Oshima Nagisa, a unique film director and precursor of the so-called “Japanese New Wave” in the sixties and seventies, bowed out quietly on the 15th of January at the age of 80. After having been paralysed for years following a cardiovascular accident in 1996 that left him wheelchair bound, he died of pneumonia at Fujisawa hospital. His death, just a few weeks after that of his friend Wakamatsu Koji (who produced In The Realm Of Senses), marks the end of an era of creative and rebellious Japanese cinema in which antirealism and unbridled imagination triumphed, in contrast to the “classic” social and realist trend in the cinema of the fifties.
Those who knew him well (and I have had the good fortune to be among them since the sixties and seventies) remember his strong anti-conformist personality, his radical assertions and his irrepressible laughter that few did not experience! Oshima had already been at the heart of the debate in Japanese cinema long before his most famous movie, the “scandalous” In The Realms of Senses (Ai no korida, 1976). At the time of its release that film was more easily seen in Paris than in Tokyo, and for it he was ruthlessly censured for “pornography”. He had already altered the direction of Japanese cinema when he turned his back on the Shochiku studio in 1960, where he had started as an assistant (to Nomura Yoshitaro and Kobayashi Masaji),
and had became a film director in his own right in 1959 with the hyper-realist A Town of Hope and Love (Ai to kibo no machi). The Shochiku period was to be brief. Two films bursting with energy were released in 1960, The Sun’s Burial (Taiyo no hakaba) and his famous Cruel Story of Youth (Seishun zankoku monogatari). Both, alongside Yoshida and Shinoda’s first films, were beacons of Shochiku’s “New Wave”. Soon after, with Night and Fog in Japan (Nihon no yoru to kiri), referencing Alain Resnais’ famous film, Oshima launched a scathing attack on certain left wing Japanese ideas as well as the anti-American stance of the radical young. The Shochiku studio withdrew the film after only four days, so the young Oshima, then only 28 years old, left the studio in a fury and launched his exceptional career, creating several films, all very different in subject and style. In 1965 he started up his own company, Sozo Sha, with help from his wife, the actress Koyama Akiko, who appears in most of his films.
There followed a string of these daring and radical films, with sexual and political overtones, from Pleasures of Flesh (Etsuraku, 1965) to Sing a Song of Sex (Nihon Shunkako, 1967) and Death by Hanging (Koshikei, 1968), based on the true story of a Korean rapist who is condemned to death, and in which he violently attacks anti-Korean racism. Oshima was a multifaceted film director, unlike Imamura Shohei and Yoshida, whose styles are always immediately recognisable. Some of his movies, such as Death by Hanging or Boy (Shonen, 1969) were then released in France, notably in Avignon in 1969 thanks to the distributor Shibata Hayao and his wife Kawakita Kazuko. The Ceremony (Gishiki, 1971), the extraordinary portrait of a noble family falling apart, was shown at “The Directors’ Fortnight” at Cannes in 1971. Oshima also directed a few films for television, but it is due to the French producer Anatole Dauman that Oshima gained international renown with In The Realm of Senses (1976), shot in camera in Tokyo, and presented at the “The Directors’ Fortnight” in 1976. Oshima’s masterwork came out during a climate of sexual scandal, bang in the middle of the moral revolution! Far from the “pornographic” film it was considered to be in the eyes of the Japanese censors, Ai no Korida uncompromisingly explores the outer limits of eroticism and death through the means of a true story that took place in 1936 at the height of Japan’s military growth. After Empire of Passion (Ai no borei), a beautifully costumed crime film that won the Best Director Award at Cannes in 1978, Oshima directed Furyo (Senjo no Merry Xmas/Merry Xmas Mr. Lawrence, 1983), a very successful British production thanks to the erotic relationship portrayed between David Bowie and Sakamato Ryûichi (the latter also wrote the haunting musical score). However, this signalled the end of his great imaginative films of the sixties and seventies. Max Mon Amour (1986), that tells the story of Charlotte Rampling’s love for a Chimpanzee, was a failure with both critics and the public.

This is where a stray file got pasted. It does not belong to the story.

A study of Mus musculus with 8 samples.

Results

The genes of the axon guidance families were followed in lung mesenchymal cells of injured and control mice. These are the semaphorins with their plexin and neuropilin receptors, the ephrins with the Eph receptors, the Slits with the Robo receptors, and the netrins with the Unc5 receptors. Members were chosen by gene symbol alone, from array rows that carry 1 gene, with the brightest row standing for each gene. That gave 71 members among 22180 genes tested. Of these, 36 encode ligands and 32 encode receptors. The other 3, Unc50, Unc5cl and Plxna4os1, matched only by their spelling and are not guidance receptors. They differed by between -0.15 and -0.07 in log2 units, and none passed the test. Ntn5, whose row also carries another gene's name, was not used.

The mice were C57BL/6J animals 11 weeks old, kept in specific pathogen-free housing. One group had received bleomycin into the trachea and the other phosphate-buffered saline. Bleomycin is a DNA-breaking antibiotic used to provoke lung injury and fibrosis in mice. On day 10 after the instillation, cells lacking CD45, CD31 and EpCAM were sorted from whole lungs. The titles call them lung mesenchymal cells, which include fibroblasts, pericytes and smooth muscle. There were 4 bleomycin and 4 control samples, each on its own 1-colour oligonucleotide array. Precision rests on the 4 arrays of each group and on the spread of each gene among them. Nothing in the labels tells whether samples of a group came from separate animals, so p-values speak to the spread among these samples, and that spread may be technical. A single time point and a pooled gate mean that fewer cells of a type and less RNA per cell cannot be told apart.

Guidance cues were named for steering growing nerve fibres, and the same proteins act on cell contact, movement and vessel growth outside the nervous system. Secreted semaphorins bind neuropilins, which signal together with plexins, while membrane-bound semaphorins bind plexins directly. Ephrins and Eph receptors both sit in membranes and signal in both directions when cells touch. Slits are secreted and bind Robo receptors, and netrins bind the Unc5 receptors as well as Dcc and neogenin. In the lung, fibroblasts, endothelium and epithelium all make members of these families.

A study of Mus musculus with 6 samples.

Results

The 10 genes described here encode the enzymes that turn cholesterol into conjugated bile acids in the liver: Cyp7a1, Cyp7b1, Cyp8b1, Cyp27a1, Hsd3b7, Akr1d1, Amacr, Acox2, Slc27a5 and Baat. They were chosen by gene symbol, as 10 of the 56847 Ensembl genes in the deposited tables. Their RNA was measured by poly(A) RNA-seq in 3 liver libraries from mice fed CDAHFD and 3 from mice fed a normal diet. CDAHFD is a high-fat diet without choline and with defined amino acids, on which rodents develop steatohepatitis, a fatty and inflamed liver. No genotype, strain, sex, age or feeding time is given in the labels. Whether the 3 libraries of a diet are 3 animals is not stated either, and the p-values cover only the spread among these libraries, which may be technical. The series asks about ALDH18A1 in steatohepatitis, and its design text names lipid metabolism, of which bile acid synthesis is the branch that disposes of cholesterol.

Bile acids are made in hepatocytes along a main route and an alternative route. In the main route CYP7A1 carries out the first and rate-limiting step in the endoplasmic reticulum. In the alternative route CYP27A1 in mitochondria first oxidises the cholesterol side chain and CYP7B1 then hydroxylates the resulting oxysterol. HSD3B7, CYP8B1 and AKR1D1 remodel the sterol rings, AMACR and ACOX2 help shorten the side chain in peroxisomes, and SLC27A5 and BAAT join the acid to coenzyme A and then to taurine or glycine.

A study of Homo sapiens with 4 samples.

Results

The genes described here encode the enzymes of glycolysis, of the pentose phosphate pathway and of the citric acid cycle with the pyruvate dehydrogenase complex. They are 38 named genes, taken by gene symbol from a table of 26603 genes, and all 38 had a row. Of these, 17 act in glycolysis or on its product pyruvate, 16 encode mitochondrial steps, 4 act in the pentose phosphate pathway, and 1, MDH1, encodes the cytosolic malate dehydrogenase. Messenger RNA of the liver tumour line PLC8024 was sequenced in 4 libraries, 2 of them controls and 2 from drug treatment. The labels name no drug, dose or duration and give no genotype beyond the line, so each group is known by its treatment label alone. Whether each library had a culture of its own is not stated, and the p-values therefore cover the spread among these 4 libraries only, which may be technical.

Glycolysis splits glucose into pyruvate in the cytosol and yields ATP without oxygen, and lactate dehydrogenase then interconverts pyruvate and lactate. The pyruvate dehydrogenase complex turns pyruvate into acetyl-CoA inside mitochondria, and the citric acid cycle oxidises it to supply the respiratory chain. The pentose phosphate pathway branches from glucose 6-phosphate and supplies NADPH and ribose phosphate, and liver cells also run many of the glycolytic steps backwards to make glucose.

He then directed an autobiographical film for TV called Kyoto, My Mother’s Place (1991). Alas, having being considerably weakened physically after his stroke in 1996, Oshima was able to direct only one more film, the elegant and erotic Tabou (Gohatto, 2000). Shown at Cannes, this was the homosexual swan song of a great director who was caught up by destiny and the cruelty of old age. The mark he made on cinema in Japan and worldwide is huge. Since 2000, numerous tributes and retrospectives have been dedicated to him throughout the world.